How to get people to pay you for your talent
Just a while after I graduated from high school, I began on the journey of talent discovery. I grew up to discover a number of talents, but wasn’t sure if anyone would pay someone of my age for those things I called talents. I was part of a teenage assembly which actually served as a ground for my self-discovery then and while I was still seeking admission, I was also busy trying to refine the talents. I could write, sing, play the keyboard, use a number of computer soft-wares, etc. Although, the feeling of being talented got me some self-esteem, but the issue of How to get people pay for your talent was really on my mind.
I began to ask questions and for so many occasions, I got the wrong answer. Some would tell me to just face my studies since I had a parent who still cared so much for me and provided for my needs. They thought I wanted to make money out of poverty, but my craving was borne out of my burden to able to understand what it means to be responsible, to be able to meet needs around me, to be accountable and to be able to give God out of my own sweats. It wasn’t because I lacked something that no one was there to give me.
Well, did I give up? Not at all! I eventually found the answers and that is why I am using this post to also teach you if you’re interested in knowing how to get people to pay you for your talent.
How do you get people to pay you for your talent?
Refine your talent into a skill
Being talented is not what makes you valuable and nobody gives you money because you’re talented. People only give you money because you’re valuable. So, how do you transit from being talented to being valuable with your talent? It’s simple. Locate the problems that you can solve with that talent and learn the professional ways of solving that problem. For instance, you love drawing. The question to ask is, “what are the problems people can have that drawing may be able to solve?” You may then think of portrait painting as gift items, greeting card designs, drawing characters for animators, etc. The next thing is, “how do people solve these kinds of problems in a professional way?” Do you have to learn a skill, a computer package or something?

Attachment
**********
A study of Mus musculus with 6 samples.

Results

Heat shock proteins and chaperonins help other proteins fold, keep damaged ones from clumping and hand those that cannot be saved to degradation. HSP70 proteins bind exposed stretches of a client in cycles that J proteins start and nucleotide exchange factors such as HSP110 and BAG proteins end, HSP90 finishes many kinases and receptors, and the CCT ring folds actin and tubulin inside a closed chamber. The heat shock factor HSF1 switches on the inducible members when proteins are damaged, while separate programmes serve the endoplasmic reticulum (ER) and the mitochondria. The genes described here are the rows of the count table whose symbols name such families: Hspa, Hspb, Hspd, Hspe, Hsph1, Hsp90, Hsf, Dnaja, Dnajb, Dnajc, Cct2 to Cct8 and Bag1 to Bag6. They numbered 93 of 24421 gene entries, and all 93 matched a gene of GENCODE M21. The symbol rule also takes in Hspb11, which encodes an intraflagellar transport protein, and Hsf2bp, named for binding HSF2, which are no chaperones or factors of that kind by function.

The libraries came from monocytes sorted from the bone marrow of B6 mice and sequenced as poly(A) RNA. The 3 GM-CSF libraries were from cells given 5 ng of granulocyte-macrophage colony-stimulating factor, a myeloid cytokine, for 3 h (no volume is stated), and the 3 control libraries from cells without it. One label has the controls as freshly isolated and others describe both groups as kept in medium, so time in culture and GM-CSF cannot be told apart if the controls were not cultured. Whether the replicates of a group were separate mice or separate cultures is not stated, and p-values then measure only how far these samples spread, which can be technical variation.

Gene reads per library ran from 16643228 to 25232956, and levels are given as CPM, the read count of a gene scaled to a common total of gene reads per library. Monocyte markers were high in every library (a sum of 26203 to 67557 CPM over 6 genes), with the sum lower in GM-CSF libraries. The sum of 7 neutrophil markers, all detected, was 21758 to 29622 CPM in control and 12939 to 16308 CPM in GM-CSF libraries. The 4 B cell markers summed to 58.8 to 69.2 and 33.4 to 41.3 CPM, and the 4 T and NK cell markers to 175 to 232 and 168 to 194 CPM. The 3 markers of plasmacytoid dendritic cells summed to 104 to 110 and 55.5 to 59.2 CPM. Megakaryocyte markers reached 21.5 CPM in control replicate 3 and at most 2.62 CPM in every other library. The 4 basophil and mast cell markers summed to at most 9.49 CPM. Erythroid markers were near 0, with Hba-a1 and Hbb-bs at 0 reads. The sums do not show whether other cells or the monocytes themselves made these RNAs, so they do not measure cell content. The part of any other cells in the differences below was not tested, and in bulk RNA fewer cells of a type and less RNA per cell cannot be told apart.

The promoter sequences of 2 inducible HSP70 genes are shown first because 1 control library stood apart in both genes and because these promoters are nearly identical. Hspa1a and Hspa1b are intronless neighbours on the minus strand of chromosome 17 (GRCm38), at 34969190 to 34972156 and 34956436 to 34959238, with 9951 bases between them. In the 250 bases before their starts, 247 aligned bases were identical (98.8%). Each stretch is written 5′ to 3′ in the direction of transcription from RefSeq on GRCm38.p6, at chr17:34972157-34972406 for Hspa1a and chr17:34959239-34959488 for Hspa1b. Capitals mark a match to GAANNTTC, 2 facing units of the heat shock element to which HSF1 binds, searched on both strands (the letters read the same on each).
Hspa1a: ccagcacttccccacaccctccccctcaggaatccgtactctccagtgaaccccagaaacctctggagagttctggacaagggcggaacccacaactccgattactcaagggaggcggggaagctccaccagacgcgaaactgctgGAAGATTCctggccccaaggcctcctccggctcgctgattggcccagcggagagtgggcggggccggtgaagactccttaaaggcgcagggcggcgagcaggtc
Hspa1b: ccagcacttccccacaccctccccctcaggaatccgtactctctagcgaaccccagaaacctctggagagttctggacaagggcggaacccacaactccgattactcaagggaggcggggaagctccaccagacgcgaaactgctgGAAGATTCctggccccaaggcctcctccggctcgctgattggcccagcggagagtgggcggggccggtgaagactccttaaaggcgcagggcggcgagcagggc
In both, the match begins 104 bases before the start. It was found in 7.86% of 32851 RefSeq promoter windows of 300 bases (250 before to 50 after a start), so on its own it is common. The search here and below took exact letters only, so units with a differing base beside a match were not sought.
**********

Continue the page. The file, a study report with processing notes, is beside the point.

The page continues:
These are the things you do with your talent. Talent is cheap, but skills and expertise are expensive. It takes sacrifice and that is why they are hugely appreciated. No one appreciates a talent more than just giving a clap. When it comes to money, they want to see your expertise and professionalism in display.
Network with your skill
Now that you have started to build a relevant skill in line with your talent, you need to begin building networks. Let people know what you’ve got. If you don’t blow your trumpet, no one will do it for you. One effective ways of building networks with your skill is by strategically doing it for free. What do I mean by that? Locate people who have got some influence or know big people and can easily connect you. Give them your skill for free in exchange for their recommendation or publicity. Of course, you must give them something really valuable that will definitely sell itself such that when people see it, they already want to know who did it for them. Also, use your social platforms to showcase your expertise. This is not negotiable.
Own your talent anywhere you find yourself
Don’t just sit at one place, priding yourself of being talented. Go out! Introduce yourself and anywhere you’re introducing yourself, include your talent that you’ve turned into a skill. Let it be a part of your identity from henceforth. Don’t be ashamed of telling people about it. If you can share the story of how it came about, beautiful! By all means, own it!
Never start by placing a price
I learnt this from a big friend. When people start making demands on your talent, don’t start by fixing a price, you may risk under-pricing yourself. Let your increase in demand be the one to tell the price and how much relief it gives each time you serve people with it. As a matter of fact, try to learn how much people charge by industry standard and always charge within that range, but in a case where there is no standard to follow, one easy answer to give is, “what is your budget?” With that you open the ground for a round table discussion and after bargaining, a set price is arrived at.
I still have more to share, but for now, I will stop here. If you would like to learn more on how to grow in value and profits with your talent, join my virtual group here.